Percy Harvin of the Vikings Collapses on the Field
In a scary scene yesterday, Percy Harvin, wide receiver for the Minnesota Vikings, fell to the ground during practice. He collapsed on the field and was taking, by ambulance, to the hospital. He was admitted to the hospital over night and released today. What are migraines?
Medical issues that can be seen and felt are easy to understand, like an Achilles tear or broken bone. However, the severity of “softer” issues that can not be felt or seen are a little more difficult to appreciate. So, what is a migraine?
Migraines continue to be a mysterious disease that we do not understand fully. However, environmental and genetic factors play a role. It is believed that during a migraine, serotonin levels drop, causing the brain to release proteins. These proteins travel to the outer covering of the brain (the meninges) and cause the pain.
Although we do not understand all of the triggers for migraines, it is known that hormonal changes in women, stress, foods (salty, MSG, aged cheese, red wines, and chocolate), bright lights, loud sounds, the sun, physical exertions, medications, and changes in sleep patterns can all cause an attack.
SIGNS AND SYMPTOMS
Migraines are headaches that can increase in intensity slowly or occur suddenly. They can cause severe pain for hours or even days. For some, during a migraine attack, dark, quiet areas are the only environments that can be handled. Many people will have nausea and vomiting and sensitivity to light and sound.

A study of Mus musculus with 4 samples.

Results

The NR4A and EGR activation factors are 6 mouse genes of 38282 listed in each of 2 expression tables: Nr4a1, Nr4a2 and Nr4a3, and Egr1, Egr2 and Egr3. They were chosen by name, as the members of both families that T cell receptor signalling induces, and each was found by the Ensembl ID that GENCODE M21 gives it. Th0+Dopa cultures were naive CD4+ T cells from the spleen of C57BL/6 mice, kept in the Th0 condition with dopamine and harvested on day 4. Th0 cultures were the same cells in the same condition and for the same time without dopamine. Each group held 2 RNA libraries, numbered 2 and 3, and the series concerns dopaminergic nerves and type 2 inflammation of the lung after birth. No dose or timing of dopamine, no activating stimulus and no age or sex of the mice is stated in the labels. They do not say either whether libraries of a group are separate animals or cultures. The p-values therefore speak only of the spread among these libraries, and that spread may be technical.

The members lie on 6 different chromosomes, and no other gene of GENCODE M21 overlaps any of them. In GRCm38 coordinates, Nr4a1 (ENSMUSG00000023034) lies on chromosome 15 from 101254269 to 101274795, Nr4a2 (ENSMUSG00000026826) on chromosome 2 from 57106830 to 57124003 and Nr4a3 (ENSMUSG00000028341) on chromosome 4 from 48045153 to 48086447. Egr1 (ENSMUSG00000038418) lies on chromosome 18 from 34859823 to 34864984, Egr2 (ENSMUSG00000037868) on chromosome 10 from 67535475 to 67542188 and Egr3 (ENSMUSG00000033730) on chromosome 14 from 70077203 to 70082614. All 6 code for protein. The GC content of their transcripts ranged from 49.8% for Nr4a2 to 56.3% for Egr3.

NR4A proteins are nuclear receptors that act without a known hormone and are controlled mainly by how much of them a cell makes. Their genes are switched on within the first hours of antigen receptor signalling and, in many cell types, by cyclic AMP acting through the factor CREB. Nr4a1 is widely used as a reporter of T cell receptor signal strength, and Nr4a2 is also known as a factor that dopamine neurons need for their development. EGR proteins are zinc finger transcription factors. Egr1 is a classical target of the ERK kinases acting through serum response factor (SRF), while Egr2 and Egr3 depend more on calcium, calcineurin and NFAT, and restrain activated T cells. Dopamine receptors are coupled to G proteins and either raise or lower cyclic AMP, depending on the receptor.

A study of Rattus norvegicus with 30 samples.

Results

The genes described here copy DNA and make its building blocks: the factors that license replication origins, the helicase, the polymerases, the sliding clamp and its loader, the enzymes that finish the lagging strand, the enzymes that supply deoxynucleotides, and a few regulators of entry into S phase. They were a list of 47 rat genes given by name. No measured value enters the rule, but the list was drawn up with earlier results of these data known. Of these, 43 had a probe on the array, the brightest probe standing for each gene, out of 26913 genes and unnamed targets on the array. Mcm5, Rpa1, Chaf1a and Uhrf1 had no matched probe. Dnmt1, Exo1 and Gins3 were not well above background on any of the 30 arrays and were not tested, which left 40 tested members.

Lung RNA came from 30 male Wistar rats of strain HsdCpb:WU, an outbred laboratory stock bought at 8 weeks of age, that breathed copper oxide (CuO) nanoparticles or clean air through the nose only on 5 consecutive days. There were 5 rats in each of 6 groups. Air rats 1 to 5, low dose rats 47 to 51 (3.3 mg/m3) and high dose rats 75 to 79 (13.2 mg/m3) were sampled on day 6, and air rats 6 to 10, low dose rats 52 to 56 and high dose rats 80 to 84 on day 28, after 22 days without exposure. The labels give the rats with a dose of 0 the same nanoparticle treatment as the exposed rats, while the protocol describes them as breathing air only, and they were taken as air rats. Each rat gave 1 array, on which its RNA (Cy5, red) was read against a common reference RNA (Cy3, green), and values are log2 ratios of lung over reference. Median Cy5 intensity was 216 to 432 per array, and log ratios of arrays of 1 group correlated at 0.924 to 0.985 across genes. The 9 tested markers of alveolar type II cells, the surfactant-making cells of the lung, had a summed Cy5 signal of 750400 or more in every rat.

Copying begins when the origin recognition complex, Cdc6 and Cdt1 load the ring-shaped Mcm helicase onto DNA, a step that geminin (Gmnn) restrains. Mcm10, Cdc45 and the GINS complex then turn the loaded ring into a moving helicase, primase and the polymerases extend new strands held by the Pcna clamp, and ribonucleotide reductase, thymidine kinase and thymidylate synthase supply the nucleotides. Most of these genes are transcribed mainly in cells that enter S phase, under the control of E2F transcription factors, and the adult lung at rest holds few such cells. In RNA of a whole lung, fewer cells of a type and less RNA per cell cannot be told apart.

Some migraines can be triggered by flashing lights and bright lights. Many people describe the sensations such as “auras”, flashing lights, blind spots, or tingling in the arm or leg before an attack occurs.
Migraines can start in childhood, adolescence, or in early adulthood. Patients can experience severe pain with activity, pain on one side of the head, pulsating or throbbing pain, nausea, vomiting, and sensitivity to light and sound.
WHEN TO SEEK MEDICAL CARE
If you have had a series of severe headaches or migraines, you should see a health care professional for evaluation and treatment options. Furthermore, if you have any of the following: a severe headache with or without fevers, a stiff neck, rashes, mental status changes, seizures, double vision, weakness, numbness or trouble speaking, a headache after a head injury, a constant headache that is made worse after coughing, exertion, straining or a sudden movement, you should also seek medical attention.
Although there are no cures for migraines, medications can be used to stop an attack or even decrease the frequency and intensity of attacks. These medications range from over the counter medications to strong prescription medications. A physician must oversee the use of these medications, as different patients respond to different medications differently.
Most patients return to healthy, active lifestyles after the migraine attack has passed. The biggest goal is trying to understand and avoid triggers of attacks.
All material published through this blog/website is for informational and entertainment purposes only. Readers are encouraged to confirm the information contained herein with other sources. Patients and consumers should review the information carefully with their professional health care provider. The information is not intended to replace medical advice offered by physicians. Dr. Parekh and Duke University will not be liable for any direct, indirect, consequential, special, exemplary, or other damages arising from the discussions in this blog.